SACRAMENTO -- An official with the federal Department of Homeland Security was tapped to be Gov. Arnold Schwarzenegger's new anti-terror and disaster preparedness adviser.
Matthew Bettenhausen, 44, will direct the state's Office of Homeland Security.
He was the federal agency's director of state and territorial coordination since 2003, coordinating intelligence sharing and fund distribution.
Bettenhausen "truly understands that you cannot secure America from inside the Beltway and that partnerships with states and cities are absolutely critical to our national effort to protect America," said Tom Ridge, the former federal homeland security secretary, in a statement. "He gets it, and California gets an exceptional public servant."
Schwarzenegger's first homeland security director, Ronald Iden, resigned after less than six months to work for the Walt Disney Co. The post has been filled temporarily by Richard Andrews, former Gov. Pete Wilson's emergency services director.
Bettenhausen was deputy governor for criminal justice and public safety and special counsel to former Illinois Gov. George Ryan from 2000-2003, also serving as that state's homeland security director.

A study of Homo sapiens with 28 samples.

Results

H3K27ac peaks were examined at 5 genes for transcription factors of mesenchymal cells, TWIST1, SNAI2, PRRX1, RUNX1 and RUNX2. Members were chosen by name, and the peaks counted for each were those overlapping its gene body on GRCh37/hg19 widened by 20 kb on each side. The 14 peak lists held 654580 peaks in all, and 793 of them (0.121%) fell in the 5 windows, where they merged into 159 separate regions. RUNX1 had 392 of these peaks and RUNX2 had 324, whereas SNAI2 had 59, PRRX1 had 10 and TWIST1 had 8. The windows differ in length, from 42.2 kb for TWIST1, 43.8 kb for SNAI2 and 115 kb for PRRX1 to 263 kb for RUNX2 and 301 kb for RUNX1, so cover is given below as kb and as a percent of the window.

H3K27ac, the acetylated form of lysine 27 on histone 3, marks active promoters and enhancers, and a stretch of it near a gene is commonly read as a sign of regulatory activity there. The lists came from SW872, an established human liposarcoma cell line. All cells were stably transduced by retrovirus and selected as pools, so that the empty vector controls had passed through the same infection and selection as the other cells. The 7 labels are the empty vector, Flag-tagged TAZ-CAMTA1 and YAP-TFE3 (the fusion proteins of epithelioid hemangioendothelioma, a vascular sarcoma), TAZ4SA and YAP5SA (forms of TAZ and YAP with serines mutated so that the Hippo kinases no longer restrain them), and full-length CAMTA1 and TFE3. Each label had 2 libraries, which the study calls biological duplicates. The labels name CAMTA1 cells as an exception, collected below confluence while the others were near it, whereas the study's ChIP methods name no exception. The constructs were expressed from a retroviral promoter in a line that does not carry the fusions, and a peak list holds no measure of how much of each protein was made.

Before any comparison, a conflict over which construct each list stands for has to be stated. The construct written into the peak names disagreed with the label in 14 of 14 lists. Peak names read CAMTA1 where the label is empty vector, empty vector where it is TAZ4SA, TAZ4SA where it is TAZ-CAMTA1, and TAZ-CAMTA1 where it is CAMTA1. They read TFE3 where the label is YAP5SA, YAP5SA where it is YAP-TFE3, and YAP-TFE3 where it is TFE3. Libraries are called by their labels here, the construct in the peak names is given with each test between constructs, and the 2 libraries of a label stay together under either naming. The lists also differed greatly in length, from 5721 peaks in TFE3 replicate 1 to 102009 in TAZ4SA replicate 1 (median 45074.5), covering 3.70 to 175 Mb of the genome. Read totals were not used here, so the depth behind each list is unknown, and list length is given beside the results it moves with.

He also was executive director of a commission appointed by Ryan that sharply criticized how the Illinois legal system decided who would face the death penalty. Ryan imposed a moratorium on executions while he was governor.
Bettenhausen, now of Washington, D.C. previously worked with the U.S. Department of Justice and was an assistant U.S. attorney in Chicago.
Schwarzenegger also appointed Gary Winuk as chief deputy director for the homeland security office. He has been deputy director there since 2003, coordinating state and local preparation, response, and recovery efforts. He also has been a first lieutenant in the California Army National Guard since 2003.
Winuk, 36, of Elk Grove previously was a deputy director for the Office of Criminal Justice Planning, and a deputy San Joaquin County district attorney. Bettenhausen, a Republican, will be paid $130,000 and Winuk, a Democrat, $119,000. Neither appointment requires Senate confirmation.